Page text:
Lovers of technology have no doubt noticed the graceful, understated beauty of circuit boards. They recall so many of the natural patterns and textures we find so appealing, despite being man-made. Theo Kamecke has a keen eye for this faux-natural beauty, which he uncovers and enhances with his exceptional vintage circuit board sculptures.
Kamecke’s sculptures aren’t what you might expect from art made of vintage circuit boards. They lack the cold modern feeling of plastic and metal; rather, they tend to look like ancient artifacts. This isn’t an accident. Theo Kamecke promotes the connection between ancient and high-tech – the intangible attraction of both nature and technology. He enhances the connection by giving his pieces names like “Amon Ra,” “Pharaoh’s Secret” and “Nefertiti,” reflecting his feeling that these thoroughly modern materials make for some ancient-looking art pieces.
Kamecke, an award-winning filmmaker, is fascinated with the interplay of natural patterns and man-made materials in circuit boards. But even more interesting to him is the fact that most circuit boards from the 1960s and 1970s were handcrafted, adding another element of the human hand to each and every one of them. After decades of admiring their singular beauty, Kamecke finally realized what he could do with these old circuit boards.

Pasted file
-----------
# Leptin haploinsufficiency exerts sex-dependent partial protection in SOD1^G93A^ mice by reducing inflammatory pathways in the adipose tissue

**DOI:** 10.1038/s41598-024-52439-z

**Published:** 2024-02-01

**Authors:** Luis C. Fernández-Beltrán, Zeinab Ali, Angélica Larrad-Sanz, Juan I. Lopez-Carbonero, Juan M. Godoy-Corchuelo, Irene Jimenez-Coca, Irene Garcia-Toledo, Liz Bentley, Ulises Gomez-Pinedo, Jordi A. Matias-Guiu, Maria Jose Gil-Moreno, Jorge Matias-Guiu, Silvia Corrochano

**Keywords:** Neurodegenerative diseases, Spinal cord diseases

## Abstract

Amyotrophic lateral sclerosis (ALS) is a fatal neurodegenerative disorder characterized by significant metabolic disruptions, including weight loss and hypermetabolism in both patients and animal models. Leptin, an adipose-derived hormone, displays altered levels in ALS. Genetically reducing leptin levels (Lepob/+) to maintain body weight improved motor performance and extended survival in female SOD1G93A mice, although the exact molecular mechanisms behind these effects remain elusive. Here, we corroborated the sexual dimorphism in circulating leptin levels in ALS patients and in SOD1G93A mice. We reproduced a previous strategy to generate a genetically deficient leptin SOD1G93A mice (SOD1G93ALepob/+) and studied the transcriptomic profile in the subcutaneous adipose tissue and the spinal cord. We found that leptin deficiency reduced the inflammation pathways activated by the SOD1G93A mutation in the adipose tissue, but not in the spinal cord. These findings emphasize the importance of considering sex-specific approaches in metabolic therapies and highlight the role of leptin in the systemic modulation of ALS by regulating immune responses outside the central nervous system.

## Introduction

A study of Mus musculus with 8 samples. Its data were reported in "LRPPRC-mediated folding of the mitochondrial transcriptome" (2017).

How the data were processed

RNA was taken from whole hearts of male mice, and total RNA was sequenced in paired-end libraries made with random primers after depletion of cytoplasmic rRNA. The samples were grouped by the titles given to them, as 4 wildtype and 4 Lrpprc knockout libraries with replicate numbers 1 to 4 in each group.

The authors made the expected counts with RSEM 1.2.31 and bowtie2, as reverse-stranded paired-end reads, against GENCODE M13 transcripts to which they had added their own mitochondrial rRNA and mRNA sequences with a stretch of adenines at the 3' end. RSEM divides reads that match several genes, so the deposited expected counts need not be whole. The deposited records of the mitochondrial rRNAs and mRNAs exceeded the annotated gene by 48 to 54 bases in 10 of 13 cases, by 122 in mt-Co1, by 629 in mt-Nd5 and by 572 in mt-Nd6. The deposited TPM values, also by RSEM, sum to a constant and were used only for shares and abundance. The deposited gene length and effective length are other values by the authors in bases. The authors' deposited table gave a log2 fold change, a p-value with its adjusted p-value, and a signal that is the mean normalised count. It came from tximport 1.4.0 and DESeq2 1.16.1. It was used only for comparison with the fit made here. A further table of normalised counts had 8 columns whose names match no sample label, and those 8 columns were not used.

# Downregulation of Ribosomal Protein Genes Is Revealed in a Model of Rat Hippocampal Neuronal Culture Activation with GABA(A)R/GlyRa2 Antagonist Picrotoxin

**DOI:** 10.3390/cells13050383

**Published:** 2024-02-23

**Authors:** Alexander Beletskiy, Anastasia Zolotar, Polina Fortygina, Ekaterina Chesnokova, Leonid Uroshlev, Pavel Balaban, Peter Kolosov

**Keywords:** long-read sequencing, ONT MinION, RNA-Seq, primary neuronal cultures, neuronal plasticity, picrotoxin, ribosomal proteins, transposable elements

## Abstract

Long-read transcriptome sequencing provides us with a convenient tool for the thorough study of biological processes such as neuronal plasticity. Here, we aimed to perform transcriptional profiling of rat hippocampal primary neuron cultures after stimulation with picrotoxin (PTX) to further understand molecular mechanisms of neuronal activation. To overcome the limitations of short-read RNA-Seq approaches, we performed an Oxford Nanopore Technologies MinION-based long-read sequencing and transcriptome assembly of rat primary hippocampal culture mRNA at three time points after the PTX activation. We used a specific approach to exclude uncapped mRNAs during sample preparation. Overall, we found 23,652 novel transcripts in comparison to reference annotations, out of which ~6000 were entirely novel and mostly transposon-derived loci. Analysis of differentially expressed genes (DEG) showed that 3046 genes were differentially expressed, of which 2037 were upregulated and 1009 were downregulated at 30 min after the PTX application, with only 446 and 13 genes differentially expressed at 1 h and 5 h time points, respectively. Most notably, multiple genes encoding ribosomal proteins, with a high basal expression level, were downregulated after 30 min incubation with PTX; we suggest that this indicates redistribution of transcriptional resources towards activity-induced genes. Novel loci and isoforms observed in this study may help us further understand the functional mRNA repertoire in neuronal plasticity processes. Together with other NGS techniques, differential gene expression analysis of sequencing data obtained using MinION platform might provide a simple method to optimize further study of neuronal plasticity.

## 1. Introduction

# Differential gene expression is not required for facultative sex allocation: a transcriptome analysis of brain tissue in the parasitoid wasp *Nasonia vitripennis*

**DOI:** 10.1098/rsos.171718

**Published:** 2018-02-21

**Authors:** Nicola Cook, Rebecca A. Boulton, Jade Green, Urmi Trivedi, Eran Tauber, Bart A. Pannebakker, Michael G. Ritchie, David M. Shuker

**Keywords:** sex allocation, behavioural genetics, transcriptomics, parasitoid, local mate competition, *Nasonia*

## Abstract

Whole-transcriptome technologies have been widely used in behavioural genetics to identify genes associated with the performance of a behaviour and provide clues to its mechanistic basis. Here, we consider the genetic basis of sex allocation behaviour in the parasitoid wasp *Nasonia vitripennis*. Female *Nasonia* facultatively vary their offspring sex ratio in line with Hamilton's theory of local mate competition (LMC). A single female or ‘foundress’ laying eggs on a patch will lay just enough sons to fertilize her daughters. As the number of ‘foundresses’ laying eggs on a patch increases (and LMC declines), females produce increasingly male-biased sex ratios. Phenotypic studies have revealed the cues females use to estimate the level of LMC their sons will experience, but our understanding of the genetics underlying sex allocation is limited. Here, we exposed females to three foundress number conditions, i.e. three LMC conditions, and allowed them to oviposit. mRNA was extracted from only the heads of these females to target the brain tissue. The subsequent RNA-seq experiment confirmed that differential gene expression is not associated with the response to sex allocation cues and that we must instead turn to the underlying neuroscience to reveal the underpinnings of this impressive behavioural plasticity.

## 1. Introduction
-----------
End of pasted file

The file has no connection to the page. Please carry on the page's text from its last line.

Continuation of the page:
He began crafting them into boxes, chests, sculptures and wall art. He treats their patterns and textures as a newly evolved form of nature rather than man-made objects. Kamecke creates his sculptures using traditional marquetry techniques, methods that centuries ago would have been used to apply fine decorative veneers to objects. The use of traditional techniques adds yet another layer to the time-warping nature of these lovely bits of technology art.
The key to creating these gorgeous works, according to Kamecke, is finding and identifying the patterns in the circuits. Laying the patterns out on the new art piece enhances them and brings out their primal artistic appearances. While Kamecke started out creating functional pieces like boxes and chests, he has since moved toward creating sculptures and other decorative pieces that highlight the unique circuitry of their components.
Even though these stunning art pieces are made of historic pieces of technology, you don’t have to be a geek to appreciate them. Kamecke’s art isn’t about computers, but rather about finding beauty in unexpected places. The handcrafted circuits used for these pieces have long ago gone out of production; miniaturization of computer parts killed off the large, intricately hand-made circuit boards favored by the artist. His stockpiles are among the last supplies of these unique and strangely lovely boards.